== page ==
The Holmes County Consolidated School District.

Gov. Tate Reeves declared a state of emergency in the troubled Holmes County Consolidated School District on the first day of the new school year and just hours after the district announced it was suing state officials in an attempt to block the takeover.  

Signed at 1:25 p.m. on Thursday, the declaration will immediately dismantle the school district. Interim superintendent Jennifer Wilson will take over, and the local school board will be disbanded. The State Board of Education will act as the district’s governing body.

“This isn’t a decision I take lightly nor one I make with any delight. Maintaining local control when possible is a foundational principle of conservative governance; however, the serious violations of state and federal law and accreditation standards, serious financial concerns, lack of internal controls, inappropriate standards of governance, inappropriate oversight by the Board, and the continued poor academic performance (among many other factors) no longer make that possible in the HCCSD,” Gov. Tate Reeves wrote on Twitter. 

“Ensuring Mississippi kids have access to a quality education will always be a top priority. This declaration of an extreme emergency situation within HCCSD will hopefully give the kids of this district a chance at success in life, because each one of them deserve(s) nothing less!” Reeves continued. 

This means the district, now termed a “District of Transformation,” now stands to lose its accreditation. School districts that lose accreditation are limited to participation in no more than half of the regular season of any athletic and extracurricular activities. The activities’ schedule will also not include the opening day of the season or any type of post-season participation, according to the Mississippi Department of Education.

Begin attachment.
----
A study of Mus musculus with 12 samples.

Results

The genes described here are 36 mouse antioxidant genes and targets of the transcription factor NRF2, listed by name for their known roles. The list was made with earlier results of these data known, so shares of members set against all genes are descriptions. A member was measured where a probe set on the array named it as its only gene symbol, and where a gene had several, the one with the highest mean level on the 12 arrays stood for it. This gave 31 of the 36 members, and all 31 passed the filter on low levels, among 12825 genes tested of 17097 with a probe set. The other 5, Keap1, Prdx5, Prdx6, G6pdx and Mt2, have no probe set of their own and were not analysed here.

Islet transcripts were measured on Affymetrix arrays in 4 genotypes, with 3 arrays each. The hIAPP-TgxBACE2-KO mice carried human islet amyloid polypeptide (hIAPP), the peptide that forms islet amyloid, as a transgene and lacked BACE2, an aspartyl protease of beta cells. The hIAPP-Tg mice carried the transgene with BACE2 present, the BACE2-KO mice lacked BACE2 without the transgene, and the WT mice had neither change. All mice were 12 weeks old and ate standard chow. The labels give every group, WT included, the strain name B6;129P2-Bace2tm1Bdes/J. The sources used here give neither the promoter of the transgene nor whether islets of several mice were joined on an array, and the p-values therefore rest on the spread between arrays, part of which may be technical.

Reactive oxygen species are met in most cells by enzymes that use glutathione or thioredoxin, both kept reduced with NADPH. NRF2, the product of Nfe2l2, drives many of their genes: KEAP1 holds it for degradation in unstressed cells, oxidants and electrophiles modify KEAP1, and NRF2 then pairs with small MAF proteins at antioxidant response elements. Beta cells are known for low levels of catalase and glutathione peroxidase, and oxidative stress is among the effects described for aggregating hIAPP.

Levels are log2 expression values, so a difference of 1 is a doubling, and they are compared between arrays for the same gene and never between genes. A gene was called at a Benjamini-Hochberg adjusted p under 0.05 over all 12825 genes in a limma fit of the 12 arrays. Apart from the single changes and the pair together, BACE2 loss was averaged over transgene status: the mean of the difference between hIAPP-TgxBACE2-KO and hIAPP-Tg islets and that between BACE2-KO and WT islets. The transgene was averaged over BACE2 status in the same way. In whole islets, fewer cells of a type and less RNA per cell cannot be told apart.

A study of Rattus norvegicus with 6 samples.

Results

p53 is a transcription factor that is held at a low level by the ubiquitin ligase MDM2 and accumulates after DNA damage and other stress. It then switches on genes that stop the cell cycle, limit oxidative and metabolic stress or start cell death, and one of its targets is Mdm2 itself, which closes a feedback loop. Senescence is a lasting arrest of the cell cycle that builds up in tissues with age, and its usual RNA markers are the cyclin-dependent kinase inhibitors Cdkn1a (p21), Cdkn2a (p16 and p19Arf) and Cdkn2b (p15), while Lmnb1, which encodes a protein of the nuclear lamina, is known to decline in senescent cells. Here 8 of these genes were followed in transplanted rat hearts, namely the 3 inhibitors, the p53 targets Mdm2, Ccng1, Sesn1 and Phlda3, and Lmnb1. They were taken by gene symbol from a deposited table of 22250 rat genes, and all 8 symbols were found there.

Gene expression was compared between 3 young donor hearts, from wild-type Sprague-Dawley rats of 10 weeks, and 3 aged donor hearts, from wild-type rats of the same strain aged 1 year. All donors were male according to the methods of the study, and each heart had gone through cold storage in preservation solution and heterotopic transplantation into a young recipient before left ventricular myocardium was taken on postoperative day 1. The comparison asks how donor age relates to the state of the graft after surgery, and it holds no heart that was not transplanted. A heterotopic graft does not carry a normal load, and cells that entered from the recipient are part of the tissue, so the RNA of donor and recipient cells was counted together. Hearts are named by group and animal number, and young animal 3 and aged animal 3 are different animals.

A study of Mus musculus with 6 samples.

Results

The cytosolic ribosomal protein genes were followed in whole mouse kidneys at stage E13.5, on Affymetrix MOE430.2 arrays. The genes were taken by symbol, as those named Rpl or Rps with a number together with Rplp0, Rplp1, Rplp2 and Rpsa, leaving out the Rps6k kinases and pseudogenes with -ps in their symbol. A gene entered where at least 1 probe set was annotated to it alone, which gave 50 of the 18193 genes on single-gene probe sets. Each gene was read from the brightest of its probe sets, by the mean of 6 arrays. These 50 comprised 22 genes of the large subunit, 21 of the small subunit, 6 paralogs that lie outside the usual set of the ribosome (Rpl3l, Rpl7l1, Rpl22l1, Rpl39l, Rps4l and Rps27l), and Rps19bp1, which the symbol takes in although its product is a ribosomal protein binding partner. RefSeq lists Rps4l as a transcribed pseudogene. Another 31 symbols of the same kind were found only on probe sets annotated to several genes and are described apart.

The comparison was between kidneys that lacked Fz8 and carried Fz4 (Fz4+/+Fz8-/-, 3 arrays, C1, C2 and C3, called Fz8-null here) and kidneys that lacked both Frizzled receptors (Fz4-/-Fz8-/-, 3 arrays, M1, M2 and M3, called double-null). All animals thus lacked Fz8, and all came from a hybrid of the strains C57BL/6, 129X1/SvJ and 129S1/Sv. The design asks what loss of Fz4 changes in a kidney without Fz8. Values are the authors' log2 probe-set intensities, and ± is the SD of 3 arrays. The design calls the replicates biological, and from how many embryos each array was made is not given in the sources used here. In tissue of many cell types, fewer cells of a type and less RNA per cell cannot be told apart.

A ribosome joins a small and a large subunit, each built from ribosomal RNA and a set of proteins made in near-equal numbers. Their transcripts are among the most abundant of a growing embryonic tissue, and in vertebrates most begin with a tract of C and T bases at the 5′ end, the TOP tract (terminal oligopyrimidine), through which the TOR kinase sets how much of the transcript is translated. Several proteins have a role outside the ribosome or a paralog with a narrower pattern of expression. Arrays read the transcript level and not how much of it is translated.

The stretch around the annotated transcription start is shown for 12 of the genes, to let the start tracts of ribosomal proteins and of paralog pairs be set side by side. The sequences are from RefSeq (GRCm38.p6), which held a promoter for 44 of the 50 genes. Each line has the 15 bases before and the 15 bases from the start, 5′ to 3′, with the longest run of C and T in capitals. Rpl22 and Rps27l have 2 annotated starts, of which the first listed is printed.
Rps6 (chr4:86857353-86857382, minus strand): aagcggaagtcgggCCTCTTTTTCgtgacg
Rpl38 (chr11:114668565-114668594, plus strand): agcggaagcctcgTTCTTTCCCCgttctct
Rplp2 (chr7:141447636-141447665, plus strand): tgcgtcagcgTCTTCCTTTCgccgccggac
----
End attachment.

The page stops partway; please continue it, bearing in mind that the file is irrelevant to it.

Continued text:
Cheerleading, drill and dance squads, speech and debate and other extracurricular groups can participate in district and state contests but are ineligible to receive ratings. 

Wilson, the interim superintendent, will remain there until the district reaches a grade of C or higher for five years; and the superintendent would work with district staff to correct all accreditation violations and raise student achievement. 

Officials from the Mississippi Department of Education will meet with administration, faculty and staff from the district, then with parents and community leaders during a series of evening meetings. 

A request for comment from Clarence Webster, the attorney for the lawsuit filed by former superintendent Debra Powell and school board members, was not immediately returned Thursday afternoon. Powell was also not immediately available for comment.

The state’s calls for a takeover of the district come following the release of a nearly 400-page investigative audit of the district that found it in violation of 81% of the state’s accreditation standards. The audit also found violations of state and federal law, including nearly $1 million of questioned federal expenditures. 

The allegations include a dysfunctional school board and administration, improper spending, inaccurate record keeping and unlicensed teachers in the classroom. 

The state has placed a school district in a conservatorship 20 times since 1996; Holmes County is now the 21st. Current Districts of Transformation, as they are referred to, include the Tunica and Noxubee County School Districts.